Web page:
Host Address A and Pointer PTR Records

Host Address (A) records contain the name of a host and its IPv4 address. Any computer that has multiple network interfaces or IP addresses should have multiple address records. Pointer (PTR) records enable reverse lookups by creating a pointer that maps an IP address to a host name.

You do not need to create A and PTR records for hosts that use dynamic DNS. These records are created automatically. For hosts that don't use dynamic DNS, you can create a new host entry with A and PTR records by completing the following steps:

1 In the DNS console, expand the node for the primary name server, and then expand the related Forward Lookup Zones folder. Right-click the domain to which you want to add the records, and then choose New Host (A). This displays the dialog box shown in Figure 27-16.

Figure 27-16. Create a host record.

Figure 27-16. Create a host record.

2 Type the host name, such as corpsrv17, and then type the IP address, such as 192.168.15.22.

3 If a reverse lookup zone has been created for the domain and you want to create a PTR record for this host, select the Create Associated Pointer (PTR) Record option.

Note If you are working with an Active Directory-integrated zone, you have the option of allowing any authenticated client with the designated host name to update the record. To enable this, select Allow Any Authenticated User To Update DNS Records With The Same Owner Name. This is a nonsecure dynamic update where only the client host name is checked.

4 Click Add Host. Repeat this process as necessary to add other hosts.

5 Click Done when you're finished.

If you opt not to create a PTR record when you create an A record, you can create the PTR later as necessary. In the DNS console, expand the node for the primary name server, and then expand the related Reverse Lookup Zones folder. Right-click the subnet to which you want to add the record, and then choose New Pointer (PTR). This displays the dialog box shown in Figure 27-17. Type the Host IP Number for the designated subnet, such as 206, and then type the FQDN for the host, such as corpsvr05.cpandl.com. Click OK.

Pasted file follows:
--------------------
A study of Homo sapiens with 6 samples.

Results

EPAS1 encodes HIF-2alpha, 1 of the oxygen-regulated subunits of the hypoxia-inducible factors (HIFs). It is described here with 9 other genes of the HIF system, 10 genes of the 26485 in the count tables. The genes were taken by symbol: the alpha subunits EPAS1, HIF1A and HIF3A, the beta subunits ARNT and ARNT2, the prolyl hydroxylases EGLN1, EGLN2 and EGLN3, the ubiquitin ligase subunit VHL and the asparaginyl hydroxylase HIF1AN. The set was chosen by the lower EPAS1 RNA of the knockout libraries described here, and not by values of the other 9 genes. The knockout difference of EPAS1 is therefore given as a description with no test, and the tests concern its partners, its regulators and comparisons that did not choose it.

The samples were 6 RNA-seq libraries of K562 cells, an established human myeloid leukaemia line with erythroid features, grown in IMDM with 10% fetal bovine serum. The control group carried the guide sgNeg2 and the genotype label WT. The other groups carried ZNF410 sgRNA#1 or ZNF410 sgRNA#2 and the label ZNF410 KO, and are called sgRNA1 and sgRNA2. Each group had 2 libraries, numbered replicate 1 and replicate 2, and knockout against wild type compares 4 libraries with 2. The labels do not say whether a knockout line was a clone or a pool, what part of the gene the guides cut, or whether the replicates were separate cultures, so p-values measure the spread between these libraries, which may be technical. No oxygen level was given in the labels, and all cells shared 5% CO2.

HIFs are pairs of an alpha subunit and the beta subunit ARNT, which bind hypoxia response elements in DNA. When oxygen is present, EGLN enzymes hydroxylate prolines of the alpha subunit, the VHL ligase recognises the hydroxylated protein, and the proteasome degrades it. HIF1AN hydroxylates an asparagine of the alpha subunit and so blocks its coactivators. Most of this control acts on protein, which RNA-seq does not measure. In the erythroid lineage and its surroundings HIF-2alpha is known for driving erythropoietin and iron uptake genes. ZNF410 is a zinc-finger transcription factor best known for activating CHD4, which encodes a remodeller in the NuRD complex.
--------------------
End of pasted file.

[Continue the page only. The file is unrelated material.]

Inside Out

Using round robin for load balancing

If a host name has multiple A records associated with it, the DNS Server service will use round robin for load balancing. With round robin, the DNS server cycles between the A records so that queries are routed proportionally to the various IP addresses that are configured. Here's how round robin works: Say that your organization's Web server gets a ton of hits—so much that the single Web server you've set up can't handle the load anymore.

To spread the workload, you configure three machines, one with the IP address 192.168.12.18, one with the IP address 192.168.12.19, and one with the IP address 192.168.12.20. On the DNS server, you configure a separate A record for each IP address, but use the same host name: www.cpandl.com. This tells the DNS server to use round robin to balance the incoming requests proportionally. As requests come in, DNS will respond in a fixed circular fashion with an IP address. For a series of requests, the first user might be directed to 192.168.12.18, the next user to 192.168.12.19, and the next user to 192.168.12.20. The next time around the order will be the same so the fourth user is directed to 192.168.12.18, the next user to 192.168.12.19, and the next user to 192.168.12.20. As you can see, with three servers, each server will get approximately one-third of the incoming requests and hopefully about one-third of the workload as well.

Round robin isn't meant to be a replacement for clustering technologies, but it is an easy and fast way to get basic load balancing. Support for round robin is enabled by default. If you have to disable round robin, type dnscmd ServerName /config /roundrobin 0. To enable round robin again later, type dnscmd ServerName /config /roundrobin 1. In both cases, ServerName is the name or IP address of the DNS server you want to configure.